Rachel Von | The Journal Gazette Jefferson is an adult male American bald eagle who lives at Soarin' Hawk Raptor Rehab.
Rachel Von | The Journal Gazette Mike Dobbs of Soarin’ Hawk holds a container with a pellet inside that an eagle ingested after eating an animal that was killed with lead shot.
Sunday, April 23, 2017 1:00 am
Soarin' Hawk reminder: Lead is deadly to eagles
FRANK GRAY | The Journal Gazette
The eagle arrived at the Soarin' Hawk Raptor Rehab in late March, and the bird was a mess.
Nothing was broken, but its head was twisted under its body, it couldn't stand, and it couldn't eat.
People at Soarin' Hawk took a blood sample from the bird, but it was five days before they got the results. The bird was suffering from lead poisoning.
Lead attacks the nervous system, and as the poisoning advances, it basically leaves a bird paralyzed.
Once the bird was diagnosed, treatment was started, and the bird improved somewhat, but then on April 13, it died. The volunteers trying to help it cried.
In a necropsy the cause of the bird's condition was discovered. It had apparently eaten an animal that had been shot with buckshot, and the bird had swallowed a single piece of shot. It was enough to kill it.
Lead shot has been banned for the hunting of waterfowl because the shot falls in the water where it contaminates fish and the water.
But on land, lead shot is still used by hunters.
“If you use lead, here's what happens,” said Mike Dobbs, Soarin' Hawk's vice president.
Dobbs said Soarin' Hawk isn't going to take any stand on lead shot. All that will do is alienate half the population, Dobbs said
Instead Soarin' Hawk just reminds people that lead shot can be deadly to birds of prey, and there are alternatives to lead, such as copper coated steel.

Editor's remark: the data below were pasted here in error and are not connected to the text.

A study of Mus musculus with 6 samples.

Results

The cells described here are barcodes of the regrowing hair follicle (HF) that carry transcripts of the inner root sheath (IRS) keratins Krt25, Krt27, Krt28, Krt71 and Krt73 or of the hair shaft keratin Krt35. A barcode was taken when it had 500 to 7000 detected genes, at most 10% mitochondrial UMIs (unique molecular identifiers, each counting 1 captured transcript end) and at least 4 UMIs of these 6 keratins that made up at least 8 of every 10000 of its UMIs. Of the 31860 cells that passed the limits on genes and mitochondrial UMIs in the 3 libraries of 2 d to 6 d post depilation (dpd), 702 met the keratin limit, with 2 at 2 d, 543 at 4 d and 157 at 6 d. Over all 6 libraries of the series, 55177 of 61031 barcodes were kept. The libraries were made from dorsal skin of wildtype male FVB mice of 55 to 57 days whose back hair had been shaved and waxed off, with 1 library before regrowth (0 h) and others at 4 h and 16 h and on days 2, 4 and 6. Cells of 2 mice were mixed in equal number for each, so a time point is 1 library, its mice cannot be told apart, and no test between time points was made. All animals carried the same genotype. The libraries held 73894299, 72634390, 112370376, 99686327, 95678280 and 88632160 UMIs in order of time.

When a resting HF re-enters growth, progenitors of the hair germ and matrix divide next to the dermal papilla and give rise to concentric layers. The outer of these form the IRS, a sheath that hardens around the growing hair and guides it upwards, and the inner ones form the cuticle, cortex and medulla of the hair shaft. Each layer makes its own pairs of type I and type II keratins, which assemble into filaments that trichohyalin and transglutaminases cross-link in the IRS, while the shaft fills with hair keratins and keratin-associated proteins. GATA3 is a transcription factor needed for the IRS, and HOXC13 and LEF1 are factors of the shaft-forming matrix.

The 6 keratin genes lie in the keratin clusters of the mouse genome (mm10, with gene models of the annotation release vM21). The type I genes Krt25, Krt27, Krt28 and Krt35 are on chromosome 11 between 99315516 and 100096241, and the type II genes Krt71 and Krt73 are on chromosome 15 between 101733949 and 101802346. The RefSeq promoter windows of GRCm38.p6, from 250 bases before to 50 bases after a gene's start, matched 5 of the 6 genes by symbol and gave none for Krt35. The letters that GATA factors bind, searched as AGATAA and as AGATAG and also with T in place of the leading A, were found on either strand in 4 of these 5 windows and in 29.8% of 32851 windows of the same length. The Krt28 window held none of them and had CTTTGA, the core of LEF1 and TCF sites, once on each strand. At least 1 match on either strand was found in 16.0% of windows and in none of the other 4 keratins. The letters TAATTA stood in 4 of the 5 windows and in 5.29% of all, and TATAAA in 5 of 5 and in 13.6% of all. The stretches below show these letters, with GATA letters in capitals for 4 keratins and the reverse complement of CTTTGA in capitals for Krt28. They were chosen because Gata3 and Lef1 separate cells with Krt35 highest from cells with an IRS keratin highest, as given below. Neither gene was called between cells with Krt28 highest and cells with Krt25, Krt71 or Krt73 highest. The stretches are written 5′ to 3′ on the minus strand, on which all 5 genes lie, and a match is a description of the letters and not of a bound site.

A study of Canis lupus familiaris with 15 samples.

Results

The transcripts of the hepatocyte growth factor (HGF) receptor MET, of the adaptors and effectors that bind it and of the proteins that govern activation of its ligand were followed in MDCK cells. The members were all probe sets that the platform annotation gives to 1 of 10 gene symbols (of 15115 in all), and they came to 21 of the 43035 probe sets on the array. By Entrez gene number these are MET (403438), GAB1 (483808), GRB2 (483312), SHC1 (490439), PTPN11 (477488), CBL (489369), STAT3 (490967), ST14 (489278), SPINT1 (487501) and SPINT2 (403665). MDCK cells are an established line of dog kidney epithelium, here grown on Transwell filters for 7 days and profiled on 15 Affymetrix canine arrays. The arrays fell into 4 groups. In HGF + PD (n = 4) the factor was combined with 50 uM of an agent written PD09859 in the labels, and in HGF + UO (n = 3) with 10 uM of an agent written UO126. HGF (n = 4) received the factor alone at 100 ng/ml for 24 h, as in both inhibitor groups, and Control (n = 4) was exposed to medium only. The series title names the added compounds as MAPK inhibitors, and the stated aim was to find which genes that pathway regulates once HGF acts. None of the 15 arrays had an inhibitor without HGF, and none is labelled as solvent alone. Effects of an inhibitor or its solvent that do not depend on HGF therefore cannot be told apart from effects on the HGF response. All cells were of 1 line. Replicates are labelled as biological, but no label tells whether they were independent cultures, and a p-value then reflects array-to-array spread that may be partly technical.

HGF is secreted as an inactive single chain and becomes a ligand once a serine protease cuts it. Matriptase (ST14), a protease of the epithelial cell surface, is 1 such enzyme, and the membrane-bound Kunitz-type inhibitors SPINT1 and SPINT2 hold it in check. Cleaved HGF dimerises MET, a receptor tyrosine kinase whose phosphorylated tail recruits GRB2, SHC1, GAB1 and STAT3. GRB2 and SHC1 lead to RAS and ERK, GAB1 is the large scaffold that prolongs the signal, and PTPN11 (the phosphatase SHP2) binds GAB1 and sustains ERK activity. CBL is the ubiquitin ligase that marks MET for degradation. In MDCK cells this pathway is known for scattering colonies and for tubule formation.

After that event, Soarin' Hawk put out a plea for help to buy its own machine to test blood, and people quickly responded. Now it can get blood test results almost immediately.
But that's just the first step in what Soarin' Hawk hopes will be big changes.
Soarin' Hawk got its start in the 1990s in a man's back yard near Leo-Cedarville. There was plenty of room for the 20 volunteers and the 20 birds they had. The operation was never intended to be permanent.
They intended to move within three or four years, but today, 20 years later, they're still in the same spot – with 200 volunteers and 250 birds.
The organization has some money set aside, but it needs more. It will be launching a fundraising drive soon.
The hope is to buy up to 20 acres. That will provide enough room for a nature preserve, a home for birds used for educational purposes and a place for birds that have recovered from injuries to start flying again.
The amount needed will be $350,000 to $500,000, not including labor to build the shelters for the birds.
“Once we have the land we can approach corporations and foundations,” Dobbs said.
The group has set a date of December 2018 to be in a larger home, Dobbs said. If you don't set a date, it will never get done, he said.
Frank Gray reflects on his and others' experiences in columns published Sunday, Tuesday and Thursday. He can be reached by phone at 461-8376, fax at 461-8893, or email at firstname.lastname@example.org. You can also follow him on Twitter @FrankGrayJG.